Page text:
Nearly two years ago, DMU’s College of Osteopathic Medicine (COM) launched a process that closely coincided with the onset of the COVID-19 pandemic – the heavy lifting of again applying for and earning accreditation by the Commission on Osteopathic College Accreditation (COCA). The commission is recognized by the U.S. Department of Education as the accrediting body for colleges of osteopathic medicine; accreditation signifies that a college has met or exceeded its standards for educational quality.
In January, COM Dean Steven Halm, D.O., FAAP, FACP, received the good news that COCA had awarded the college full accreditation for a seven-year period.
“This verifies that we are a high-quality education program and that we are continually involved in improving the quality of our curriculum, our faculty, our facilities and our service to student success,” Dean Halm says. “DMU COM has always maintained full accreditation. Not all medical schools are able to do this.”
While the accreditation process officially began with a self-study, a comprehensive deep-dive into all components and processes of the osteopathic program, it’s actually an ongoing exercise for both the college and the University.
“Regular interaction with COCA does continue over the next seven years. We submit annual enrollment and mid-cycle accreditation reports to the commission,” says Kimberly Brown, Ph.D., M.Ed., DMU’s vice president and chief academic officer for academic and student affairs. “Accreditation is a continual process of evaluation, internally and externally, to ensure we’re providing the very best education to our students.”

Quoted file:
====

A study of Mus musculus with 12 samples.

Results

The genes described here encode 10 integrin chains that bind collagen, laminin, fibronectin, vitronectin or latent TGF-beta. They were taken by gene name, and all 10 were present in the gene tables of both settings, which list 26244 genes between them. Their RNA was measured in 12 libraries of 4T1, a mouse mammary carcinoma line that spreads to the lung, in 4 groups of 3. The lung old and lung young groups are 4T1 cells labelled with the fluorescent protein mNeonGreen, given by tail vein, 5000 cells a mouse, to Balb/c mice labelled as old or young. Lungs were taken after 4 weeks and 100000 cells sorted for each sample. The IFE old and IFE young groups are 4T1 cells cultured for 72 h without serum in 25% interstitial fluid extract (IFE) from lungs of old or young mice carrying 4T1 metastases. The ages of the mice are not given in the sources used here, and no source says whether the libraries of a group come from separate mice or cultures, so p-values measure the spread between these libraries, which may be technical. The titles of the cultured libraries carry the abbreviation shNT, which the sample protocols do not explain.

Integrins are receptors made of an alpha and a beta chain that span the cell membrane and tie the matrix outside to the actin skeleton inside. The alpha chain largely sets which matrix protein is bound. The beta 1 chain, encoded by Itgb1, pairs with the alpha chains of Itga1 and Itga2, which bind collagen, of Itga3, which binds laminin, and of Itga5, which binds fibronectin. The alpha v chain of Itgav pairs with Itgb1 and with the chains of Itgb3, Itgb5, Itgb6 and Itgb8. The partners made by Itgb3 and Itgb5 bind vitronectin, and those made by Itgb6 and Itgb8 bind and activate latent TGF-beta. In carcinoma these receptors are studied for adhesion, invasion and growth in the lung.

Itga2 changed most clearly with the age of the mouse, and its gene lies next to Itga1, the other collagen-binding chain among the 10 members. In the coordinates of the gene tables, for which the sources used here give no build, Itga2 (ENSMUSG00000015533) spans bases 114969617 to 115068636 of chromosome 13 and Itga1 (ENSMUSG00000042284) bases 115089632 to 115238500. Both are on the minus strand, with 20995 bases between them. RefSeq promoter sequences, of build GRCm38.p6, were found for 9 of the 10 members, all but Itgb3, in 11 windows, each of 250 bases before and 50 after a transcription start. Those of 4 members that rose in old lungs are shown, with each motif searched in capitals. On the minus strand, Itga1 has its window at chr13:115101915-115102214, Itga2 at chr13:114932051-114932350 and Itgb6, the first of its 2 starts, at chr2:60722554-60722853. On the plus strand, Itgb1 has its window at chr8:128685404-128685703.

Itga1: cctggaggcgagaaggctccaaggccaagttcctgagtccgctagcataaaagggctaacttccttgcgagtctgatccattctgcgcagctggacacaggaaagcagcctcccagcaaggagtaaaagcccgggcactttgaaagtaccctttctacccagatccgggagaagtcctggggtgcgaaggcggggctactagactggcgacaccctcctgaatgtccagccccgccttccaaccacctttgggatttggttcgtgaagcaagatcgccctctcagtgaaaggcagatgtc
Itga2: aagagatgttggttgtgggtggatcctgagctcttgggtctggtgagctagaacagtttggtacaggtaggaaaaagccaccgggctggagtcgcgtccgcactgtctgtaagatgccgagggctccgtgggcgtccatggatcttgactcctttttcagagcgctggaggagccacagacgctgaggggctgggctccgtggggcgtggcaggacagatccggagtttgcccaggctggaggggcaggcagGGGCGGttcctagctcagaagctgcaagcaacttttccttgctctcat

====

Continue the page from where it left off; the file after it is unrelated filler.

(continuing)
It’s an effort that “takes a village,” says Amy Morris, Ph.D., assistant vice president for institutional effectiveness in academic and student affairs. The dean’s office and COM faculty who served as members of the COCA self-study standards team were key leaders, but the process also involved departments campus-wide, such as admissions, financial aid, the Student Counseling Center and the Center for Educational Enhancement (CEE).
Dean Halm calls the self-study process an opportunity to “take a deep look within our program and recognize areas of strength and areas for improvement.” COM worked to thoroughly document evidence that it meets COCA’s 12 accreditation standards in areas ranging from mission, finances and the learning environment to curriculum, scholarly activity and student outcomes.
The process culminates with a site visit by COCA evaluators, although that occurred virtually this time because of the pandemic. The evaluators conducted a number of interviews via Zoom, including opportunities for students and faculty to share their perspectives.
While receiving full accreditation is cause for celebration, Dean Halm and his colleagues aren’t resting on any laurels. Through the accreditation process, COM assessed and honed its program improvement plan and strategic planning process, efforts that will continue through the next accreditation cycle.
“The college’s department chairs and program directors tend to be involved in our overall quality improvement processes. These same leaders were involved specifically in our COCA self-study process,” Dean Halm says. “My intent is to bring together our college’s program improvement plan, strategic plan and COCA accreditation needs to this single group of leaders to avoid extra and redundant work. By intentionally integrating this into our existing, ongoing quality improvement and program improvement process, we will be very well prepared for the next accreditation site visit.”